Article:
Experience Transat

Listening to Fado in Lisbon: A Perfect Evening at Senhor Vinho 


Marie-Eve, a Transat Flight Attendant and our guide to a series of unforgettable Lisbon experiences, is a huge fado fan. She first heard about Senhor Vinho through a Portuguese friend who recommended it as one of the best in Lisbon.

Finding Fado’s passion

“For me this is the best Fado place in Portugal,” says singer Sara Paixão, whose last name fittingly means “passion”. Paixão, who sings most weeks at the restaurant, explains that the Senhor Vinho’s owner is Maria da Fé, one of the genre’s most famous singers and a personal hero of hers.

“I knew about fado because I’m Portuguese of course,” says Paixão with a laugh. “But it was when I heard Amalia Rodrigues, the biggest, most famous fado singer, for the first time, that it really got inside me.”

This music, which now boasts a UNESCO distinction and its own museum, gets inside you even if you don’t speak Portuguese.

“Everyone understands fado,” explains Paixão. “Before a show, I always say to the audience that we’re going to talk with feelings and body language, not with spoken language.”

Singer Sara Paixão

Captivated by candlelight 

This rustic but elegant restaurant serves traditional Portuguese cuisine like broad bean stew and grilled seafood and offers a wide-ranging wine list featuring vinho verdes. However, the real star is music: When the lights are dimmed and voices are hushed, the crowd is immediately captivated by a small band and the featured singer, which ranges from stars like Aldina Duarte, Francisco Salvacao Barreto and Joana Amendoeira to up and comers like Paixão, who has a decade of experience of touring Lisbon, Portugal and Europe. It’s a distinctly Portuguese experience, in part because of the music’s wistful leanings.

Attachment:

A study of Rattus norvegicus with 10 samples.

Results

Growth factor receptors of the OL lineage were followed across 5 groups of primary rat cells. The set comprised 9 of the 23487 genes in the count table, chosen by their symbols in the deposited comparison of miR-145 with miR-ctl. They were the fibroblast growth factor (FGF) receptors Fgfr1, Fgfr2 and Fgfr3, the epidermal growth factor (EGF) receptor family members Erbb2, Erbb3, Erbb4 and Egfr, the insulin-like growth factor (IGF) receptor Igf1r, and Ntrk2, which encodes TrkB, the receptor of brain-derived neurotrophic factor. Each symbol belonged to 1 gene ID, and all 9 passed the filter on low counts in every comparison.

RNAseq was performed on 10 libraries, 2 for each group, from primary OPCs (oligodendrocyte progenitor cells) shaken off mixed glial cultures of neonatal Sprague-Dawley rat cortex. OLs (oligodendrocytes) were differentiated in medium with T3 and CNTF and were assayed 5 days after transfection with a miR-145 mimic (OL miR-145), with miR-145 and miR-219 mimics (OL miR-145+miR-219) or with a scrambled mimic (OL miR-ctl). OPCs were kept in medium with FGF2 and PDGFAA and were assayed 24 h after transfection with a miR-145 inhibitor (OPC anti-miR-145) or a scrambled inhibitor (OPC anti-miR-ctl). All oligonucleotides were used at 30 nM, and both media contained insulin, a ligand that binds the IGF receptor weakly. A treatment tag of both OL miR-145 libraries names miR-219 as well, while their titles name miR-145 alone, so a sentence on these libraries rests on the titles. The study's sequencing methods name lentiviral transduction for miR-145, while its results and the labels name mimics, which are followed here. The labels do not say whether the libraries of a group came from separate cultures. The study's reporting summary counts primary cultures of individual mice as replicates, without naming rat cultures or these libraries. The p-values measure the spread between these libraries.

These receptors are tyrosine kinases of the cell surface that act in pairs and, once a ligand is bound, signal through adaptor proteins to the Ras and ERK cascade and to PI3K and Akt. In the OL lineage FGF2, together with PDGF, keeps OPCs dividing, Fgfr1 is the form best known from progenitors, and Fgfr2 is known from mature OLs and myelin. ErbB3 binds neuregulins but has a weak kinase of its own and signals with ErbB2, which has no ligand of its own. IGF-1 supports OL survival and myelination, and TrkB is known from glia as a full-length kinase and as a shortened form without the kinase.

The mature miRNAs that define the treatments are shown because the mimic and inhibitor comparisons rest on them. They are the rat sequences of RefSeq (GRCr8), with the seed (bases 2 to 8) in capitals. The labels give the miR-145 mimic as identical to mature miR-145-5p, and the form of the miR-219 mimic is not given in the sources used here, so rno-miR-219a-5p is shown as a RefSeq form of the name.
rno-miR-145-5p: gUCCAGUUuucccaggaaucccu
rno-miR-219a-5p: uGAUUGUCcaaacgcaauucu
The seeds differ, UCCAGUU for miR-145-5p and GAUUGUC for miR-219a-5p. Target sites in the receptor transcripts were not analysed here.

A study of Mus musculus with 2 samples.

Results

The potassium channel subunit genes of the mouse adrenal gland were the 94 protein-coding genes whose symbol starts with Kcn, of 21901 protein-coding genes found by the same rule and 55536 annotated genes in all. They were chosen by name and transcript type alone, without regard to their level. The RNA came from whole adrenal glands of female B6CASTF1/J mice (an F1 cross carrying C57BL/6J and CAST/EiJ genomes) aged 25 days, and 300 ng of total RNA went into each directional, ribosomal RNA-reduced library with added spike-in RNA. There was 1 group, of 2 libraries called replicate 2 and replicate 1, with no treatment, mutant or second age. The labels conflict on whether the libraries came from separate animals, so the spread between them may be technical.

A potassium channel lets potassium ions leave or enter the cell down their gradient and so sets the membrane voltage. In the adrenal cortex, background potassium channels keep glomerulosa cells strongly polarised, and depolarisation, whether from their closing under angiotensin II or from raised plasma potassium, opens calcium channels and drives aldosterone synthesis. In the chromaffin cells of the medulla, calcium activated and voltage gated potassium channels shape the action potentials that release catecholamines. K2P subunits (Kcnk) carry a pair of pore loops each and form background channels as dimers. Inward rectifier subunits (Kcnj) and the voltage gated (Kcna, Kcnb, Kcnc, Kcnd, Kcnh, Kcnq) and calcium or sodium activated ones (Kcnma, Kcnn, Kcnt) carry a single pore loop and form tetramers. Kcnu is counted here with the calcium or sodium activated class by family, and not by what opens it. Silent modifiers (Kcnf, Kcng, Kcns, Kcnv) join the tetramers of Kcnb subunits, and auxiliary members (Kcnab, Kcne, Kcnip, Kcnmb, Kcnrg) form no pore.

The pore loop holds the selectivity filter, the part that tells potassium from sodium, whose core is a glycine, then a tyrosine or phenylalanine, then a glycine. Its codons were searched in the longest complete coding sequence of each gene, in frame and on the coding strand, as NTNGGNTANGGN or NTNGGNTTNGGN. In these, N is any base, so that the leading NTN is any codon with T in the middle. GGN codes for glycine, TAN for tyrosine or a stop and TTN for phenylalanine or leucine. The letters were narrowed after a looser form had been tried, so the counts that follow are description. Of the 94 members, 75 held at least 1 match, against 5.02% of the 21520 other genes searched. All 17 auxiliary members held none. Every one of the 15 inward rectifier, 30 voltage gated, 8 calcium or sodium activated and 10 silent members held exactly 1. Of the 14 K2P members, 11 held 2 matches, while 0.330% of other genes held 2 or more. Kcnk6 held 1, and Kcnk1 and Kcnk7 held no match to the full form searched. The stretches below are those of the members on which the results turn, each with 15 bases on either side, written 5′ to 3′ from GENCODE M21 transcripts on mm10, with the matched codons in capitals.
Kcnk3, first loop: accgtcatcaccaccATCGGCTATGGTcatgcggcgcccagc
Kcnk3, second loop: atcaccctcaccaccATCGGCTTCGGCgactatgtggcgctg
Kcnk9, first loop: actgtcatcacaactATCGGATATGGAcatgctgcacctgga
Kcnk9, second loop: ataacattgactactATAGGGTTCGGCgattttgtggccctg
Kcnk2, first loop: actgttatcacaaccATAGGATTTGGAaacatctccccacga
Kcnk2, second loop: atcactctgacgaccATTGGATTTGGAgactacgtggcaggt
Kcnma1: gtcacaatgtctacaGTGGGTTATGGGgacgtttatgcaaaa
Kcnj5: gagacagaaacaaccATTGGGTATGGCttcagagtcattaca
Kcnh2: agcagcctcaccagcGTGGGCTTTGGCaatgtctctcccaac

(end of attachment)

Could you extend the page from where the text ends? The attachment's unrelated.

Saudade is a word that only exists in Portuguese,” says Paixão. “It expresses that feeling when you miss someone, something, or somewhere and are trying to get back to it.”

Hearing fado in a place like Senhor Vinho on a warm night out in Lisbon will most certainly create feelings of saudade. And the good news is there’s no reason you can’t go back.